Is Retail Media the New Walled Garden and is that a Bad Thing?

With the proliferation of retail media properties, it’s beginning to feel like the digital economy is producing walled gardens faster than baby rabbits. This is actually a healthy development. These walled gardens don’t necessarily carry the baggage of the big original ones, and even when they do, it’s a net positive to the broader marketing ecosystem.

To frame this, let’s level-set on what retail and commerce media properties are delivering. If well built, they provide advertisers with a channel to engage with consumers for both near-term return on ad spend (a.k.a. performance) campaigns and broader brand building and storytelling campaigns. Both are well suited for these use cases, but for different reasons.

Performance requires user event data streams — including purchase, search, browse and add to cart — to train the machine learning models that are needed for predictions and optimization. Brand spend needs logged-in users to leverage data (e.g. demographic, purchase, intent) and to understand reach and frequency. Both of these models are done in a way that protects consumer data and privacy.

It’s no wonder that so many commerce operators are building advertising businesses and that ad spend is gravitating toward them. This is not limited to the traditional retail verticals (apparel, mass market, beauty, furniture, consumer electronics, home improvement, etc.), but all commerce marketplaces. Food and grocery delivery apps are a perfect fit, with strong user bases that engage in search and discovery and thousands of merchants looking to grow their businesses. We are also seeing healthy ads businesses develop in online travel, home services, digital goods and used goods. Marketplaces are incredible business models, and with so many verticals and niches, we expect to see many more launch ad businesses.


But are these new ad platforms walled gardens? That is, do they block third-party access to buy ads inventory? Many of them do not. Instead, they allow third parties to buy on their inventory. Whether it’s providing access to a buy-side DSP (demand-side platform) or an ad network that does both buy- and sell-side, there are several partnerships throughout the ecosystem. 

Where they do differ in “openness” is that these are not necessarily integrated through standard SSP (supply-side platform) pipes, where supply is passed into the open exchange for several demand sources to access. When SSPs are used, it’s typically more protected with PMP (private marketplace) or deal ID mechanics. But it’s safe to say these properties are more open than a big walled garden.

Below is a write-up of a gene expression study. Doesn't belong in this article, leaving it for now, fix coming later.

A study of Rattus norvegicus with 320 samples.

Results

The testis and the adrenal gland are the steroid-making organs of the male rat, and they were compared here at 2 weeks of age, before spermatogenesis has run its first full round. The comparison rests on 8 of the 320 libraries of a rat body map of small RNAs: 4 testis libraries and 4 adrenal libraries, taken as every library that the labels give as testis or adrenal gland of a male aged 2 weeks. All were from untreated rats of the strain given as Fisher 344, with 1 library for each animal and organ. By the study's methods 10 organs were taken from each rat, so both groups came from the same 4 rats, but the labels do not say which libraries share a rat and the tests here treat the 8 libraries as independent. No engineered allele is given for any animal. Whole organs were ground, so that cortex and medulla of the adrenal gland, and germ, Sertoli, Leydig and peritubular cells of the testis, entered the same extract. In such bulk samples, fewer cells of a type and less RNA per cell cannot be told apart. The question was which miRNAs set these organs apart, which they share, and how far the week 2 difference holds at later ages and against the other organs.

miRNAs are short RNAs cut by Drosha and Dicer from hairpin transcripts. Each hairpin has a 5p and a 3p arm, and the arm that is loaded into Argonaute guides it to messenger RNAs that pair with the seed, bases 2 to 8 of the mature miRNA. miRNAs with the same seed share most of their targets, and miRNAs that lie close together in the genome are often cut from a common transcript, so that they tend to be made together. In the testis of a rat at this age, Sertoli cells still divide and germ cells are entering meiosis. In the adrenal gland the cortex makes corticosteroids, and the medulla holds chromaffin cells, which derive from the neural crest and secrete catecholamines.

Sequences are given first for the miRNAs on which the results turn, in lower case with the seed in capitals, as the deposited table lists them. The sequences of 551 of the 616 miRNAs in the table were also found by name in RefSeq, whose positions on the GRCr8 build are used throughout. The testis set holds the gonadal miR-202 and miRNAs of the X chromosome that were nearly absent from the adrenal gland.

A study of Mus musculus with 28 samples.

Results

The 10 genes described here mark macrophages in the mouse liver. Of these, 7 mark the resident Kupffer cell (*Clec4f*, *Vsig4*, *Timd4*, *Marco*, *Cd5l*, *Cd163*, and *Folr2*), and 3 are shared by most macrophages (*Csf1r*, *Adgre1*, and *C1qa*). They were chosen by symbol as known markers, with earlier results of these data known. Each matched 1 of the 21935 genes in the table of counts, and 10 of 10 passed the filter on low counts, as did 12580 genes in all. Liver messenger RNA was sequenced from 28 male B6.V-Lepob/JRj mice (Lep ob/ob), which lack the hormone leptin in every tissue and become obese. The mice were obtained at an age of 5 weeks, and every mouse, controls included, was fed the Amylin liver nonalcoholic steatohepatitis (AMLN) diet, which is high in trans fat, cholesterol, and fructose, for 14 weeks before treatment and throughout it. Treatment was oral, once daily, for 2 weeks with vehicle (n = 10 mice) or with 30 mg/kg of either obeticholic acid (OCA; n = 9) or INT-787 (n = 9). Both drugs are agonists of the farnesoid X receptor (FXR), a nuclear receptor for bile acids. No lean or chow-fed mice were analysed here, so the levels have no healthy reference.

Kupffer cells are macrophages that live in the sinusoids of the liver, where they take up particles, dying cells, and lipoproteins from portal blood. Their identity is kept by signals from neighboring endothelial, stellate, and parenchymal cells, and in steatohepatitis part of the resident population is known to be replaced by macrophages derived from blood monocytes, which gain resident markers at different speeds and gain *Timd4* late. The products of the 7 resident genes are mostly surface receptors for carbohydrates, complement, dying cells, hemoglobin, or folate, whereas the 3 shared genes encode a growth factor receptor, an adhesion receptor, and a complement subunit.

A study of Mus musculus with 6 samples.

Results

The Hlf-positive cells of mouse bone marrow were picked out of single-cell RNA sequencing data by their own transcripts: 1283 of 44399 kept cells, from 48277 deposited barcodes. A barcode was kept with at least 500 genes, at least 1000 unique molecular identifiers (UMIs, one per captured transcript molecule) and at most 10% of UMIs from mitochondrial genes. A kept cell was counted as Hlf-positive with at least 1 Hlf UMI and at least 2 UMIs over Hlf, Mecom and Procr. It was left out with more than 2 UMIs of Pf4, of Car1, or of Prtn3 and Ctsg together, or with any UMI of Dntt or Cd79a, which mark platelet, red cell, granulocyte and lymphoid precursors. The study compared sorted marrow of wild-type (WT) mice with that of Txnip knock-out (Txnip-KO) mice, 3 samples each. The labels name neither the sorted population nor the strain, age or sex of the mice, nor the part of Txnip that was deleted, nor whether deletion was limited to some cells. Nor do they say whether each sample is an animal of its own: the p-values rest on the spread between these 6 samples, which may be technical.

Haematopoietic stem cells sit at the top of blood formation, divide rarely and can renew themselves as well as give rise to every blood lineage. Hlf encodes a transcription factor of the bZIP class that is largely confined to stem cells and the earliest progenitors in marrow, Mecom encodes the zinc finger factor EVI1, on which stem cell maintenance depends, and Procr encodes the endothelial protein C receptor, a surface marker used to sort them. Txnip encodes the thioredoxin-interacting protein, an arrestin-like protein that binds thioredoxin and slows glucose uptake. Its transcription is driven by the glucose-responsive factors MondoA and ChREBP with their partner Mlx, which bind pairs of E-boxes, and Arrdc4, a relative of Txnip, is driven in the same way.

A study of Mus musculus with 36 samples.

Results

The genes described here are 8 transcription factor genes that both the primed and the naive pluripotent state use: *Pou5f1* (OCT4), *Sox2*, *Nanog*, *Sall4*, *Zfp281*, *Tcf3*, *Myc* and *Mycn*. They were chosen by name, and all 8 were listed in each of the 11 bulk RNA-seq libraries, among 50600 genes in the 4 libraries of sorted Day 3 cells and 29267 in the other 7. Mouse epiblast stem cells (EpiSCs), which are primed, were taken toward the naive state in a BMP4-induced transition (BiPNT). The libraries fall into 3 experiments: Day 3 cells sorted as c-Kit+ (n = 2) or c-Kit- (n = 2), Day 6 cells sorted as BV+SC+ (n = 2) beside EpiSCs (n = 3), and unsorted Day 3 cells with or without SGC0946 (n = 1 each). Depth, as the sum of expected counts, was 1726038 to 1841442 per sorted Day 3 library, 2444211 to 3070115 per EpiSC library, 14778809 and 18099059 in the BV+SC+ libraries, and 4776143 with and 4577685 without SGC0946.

There is some downside to this approach, since there can be multiple sellers representing the inventory: the property itself and the third parties. These are issues that have been navigated before with traditional publishers, and they are getting worked out in retail too.

Another definition of walled gardens suggests that they leverage their own first-party data for ML-driven, automated campaigns and share only performance and aggregated user data. In this way, the more sophisticated platforms do resemble walled gardens, since they leverage advanced machine learning to enable thousands (in some cases, millions) of advertisers to run ROAS campaigns. This is a good thing! We want a world where there are multiple options for advertisers to direct their performance spend, not just two or three.

Further, these commerce marketplaces are selling their own inventory and may be providing only aggregate user data and not exposure files, and they may be doing their conversion analysis themselves. Platforms don’t want to share access to every user event in an open-ended way, but without it no third-party buyer is going to have the capability to make machine-learned buying decisions.

So the performance buying and reporting on retail platforms is closer to a walled garden approach, and that is driving concern. But is it so bad having more choices for advertisers? Sure there can be difficulties tracking spend across several places, but software is good at solving these types of problems. At a macro level, the digital economy benefits from advertisers having spend optionality and not just a couple of platforms that can deliver high ROAS and vacuum up all of the spend.

We also want an ecosystem where many companies can participate in the fantastic economics of digital marketing. With machine learning capabilities and user data tied up in just a few places, most of the dollars were accruing there.

Commerce and retail ad platforms are just beginning, and spend will gravitate toward them because of their valuable attributes. Yes, there are aspects of these platforms that resemble walled gardens, but we shouldn’t get too hung up on semantics. Advertisers are getting new ways to allocate their spend and more companies are able to capture some of it.

Nature finds a way.

Bill Michels is responsible for Moloco’s Retail Media Platform, where he oversees both product and business development functions. Michels brings more than two decades of successful leadership across product management, data strategy and business development at some of the definitive companies in advertising and search. He was previously EVP of Product at The Trade Desk where he touched multiple product areas, from identity to connected TV. Prior to that he was Chief Data Officer at Foursquare after its merger with Factual, where he was COO responsible for product, engineering and data partnerships. Before that he was Senior Director of Product Management at Yahoo! working on search, where he launched and led Yahoo! BOSS and international search monetization. He also worked at UBS in equity research covering technology and telecom.